The Daily Stream: The Original Candyman Is One Of The Best Horror Movies Ever Made

(Welcome to The Daily Stream, an ongoing series in which the /Film team shares what they've been watching, why it's worth checking out, and where you can stream it.)

The Movie: Candyman (1992)

Where You Can Stream It: Peacock

The Pitch: An eerie, elegant work of horror that brings an urban legend to terrifying life. Residents of Chicago's Cabrini-Green housing projects are eternally haunted by a hook-handed ghost who comes when summoned. A grad student digging into the story for a thesis assumes it's all hokum, of course — but she quickly learns that the legend is terrifyingly real.

There's a new "Candyman" in town this week, as Nia DaCosta's very good sequel/update heads to the big screen. But before you see the new "Candyman" you should probably pay a visit to the original, even if you've already seen it countless times. Why? Because no matter how good you remember the movie being, I assure you it's even better.

Why It's Essential Viewing

There are very few modern horror movies I would consider "elegant." That's not a slight on modern horror, mind you — it just doesn't seem to be a term that applies to what we think of when we think of horror. But the original "Candyman" is an exception. There's something classical about the entire affair. Perhaps it's because of Philip Glass' gorgeous, haunting score. Or perhaps it's because of the directorial style of Bernard Rose, who doesn't go for the cheap or easy scare here. While there are maybe two or three moments that could be considered "jump scares" in "Candyman," the horror in the film comes from the atmosphere; the style; the hopelessness. Yes, "Candyman" is unapologetically bleak. Whenever I revisit the film it's not the bloody kills that scare me. It's not even Candyman himself, even though Tony Todd's performance is up there with Bela Lugosi's Dracula in terms of iconic monsters. Rather, what always gives me the chills is how utterly doomed the main character Helen Lyle is. She tumbles down a deep, dark hole into a world where nothing can save her. After all, how can you defend yourself against an unstoppable ghost? You can't exactly turn to someone for help.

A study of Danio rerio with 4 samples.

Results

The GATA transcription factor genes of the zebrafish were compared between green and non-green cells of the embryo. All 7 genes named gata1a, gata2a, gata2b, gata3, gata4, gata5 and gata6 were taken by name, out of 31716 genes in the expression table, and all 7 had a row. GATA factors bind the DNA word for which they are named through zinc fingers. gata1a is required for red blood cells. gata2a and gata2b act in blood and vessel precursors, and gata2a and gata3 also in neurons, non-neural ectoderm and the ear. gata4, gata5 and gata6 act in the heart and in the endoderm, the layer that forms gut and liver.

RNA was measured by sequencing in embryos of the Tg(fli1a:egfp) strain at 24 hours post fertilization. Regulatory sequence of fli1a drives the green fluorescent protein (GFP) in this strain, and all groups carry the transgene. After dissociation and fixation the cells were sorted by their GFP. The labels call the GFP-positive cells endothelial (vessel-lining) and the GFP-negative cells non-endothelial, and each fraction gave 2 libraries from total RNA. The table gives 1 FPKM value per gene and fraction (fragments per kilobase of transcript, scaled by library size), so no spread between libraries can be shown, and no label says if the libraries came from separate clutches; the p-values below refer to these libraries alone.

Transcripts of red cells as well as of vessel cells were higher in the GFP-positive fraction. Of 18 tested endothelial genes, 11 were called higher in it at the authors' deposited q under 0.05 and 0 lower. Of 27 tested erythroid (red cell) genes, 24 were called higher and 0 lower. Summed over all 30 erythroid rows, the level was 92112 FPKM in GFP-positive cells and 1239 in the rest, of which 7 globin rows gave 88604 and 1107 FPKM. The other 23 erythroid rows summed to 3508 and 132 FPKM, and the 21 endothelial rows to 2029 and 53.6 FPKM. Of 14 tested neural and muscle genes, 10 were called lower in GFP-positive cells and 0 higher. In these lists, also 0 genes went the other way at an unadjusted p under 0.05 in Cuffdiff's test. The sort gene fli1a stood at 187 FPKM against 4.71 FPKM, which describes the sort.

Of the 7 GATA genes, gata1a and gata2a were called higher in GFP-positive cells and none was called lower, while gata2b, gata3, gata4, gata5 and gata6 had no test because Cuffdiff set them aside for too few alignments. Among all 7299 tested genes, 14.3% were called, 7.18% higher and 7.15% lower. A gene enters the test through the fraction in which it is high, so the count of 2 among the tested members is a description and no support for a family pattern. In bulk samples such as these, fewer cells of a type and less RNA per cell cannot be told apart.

In "Candyman," the Cabrini-Green housing projects in Chicago are the home to a particular urban legend — if you say "Candyman" in front of a mirror five times, Candyman himself will appear and rip you open with his hook hand. This legend isn't exactly new — the "chant a name in front of a mirror" game is very old school, recalling the childhood game of Bloody Mary. But "Candyman" puts a unique twist on the matter. The residents of Cabrini have turned him into their own personal boogeyman — and as it turns out, there's a hint of historical detail backing up the story. As grad student Helen Lyle (Virginia Madsen) learns, the origins of Candyman date back to the story of a Black man (he's never given a name in the original, but the sequels call him Daniel Robitaille) who was murdered by a white mob after impregnating a white woman. Issues of race prevail throughout the film, although they remain mostly in the background. 

Helen thinks this is all just a ghost story with no real danger, so she dares to summon Candyman in front of a mirror. This turns out to be the biggest mistake of her life, because soon the spirit is summoned and begins cutting his way through Helen's friends and family. And that's where the hopelessness sets in. The cops and the people in Helen's life don't believe for a second that a ghost is responsible for the crimes — they think Helen herself is to blame. And she has no way to convince them otherwise. Even Helen's boyfriend (Xander Berkeley) turns on her, carrying on an affair with one of his much younger students. There's a scene where Madsen, as Helen, stares into the Chicago River, the dark waters churning, that feels scarier than the entirety of most modern horror. Nothing scary actually happens in the scene, but the utter hopelessness radiating off the moment as Helen realizes she has absolutely no one to turn to is downright terrifying.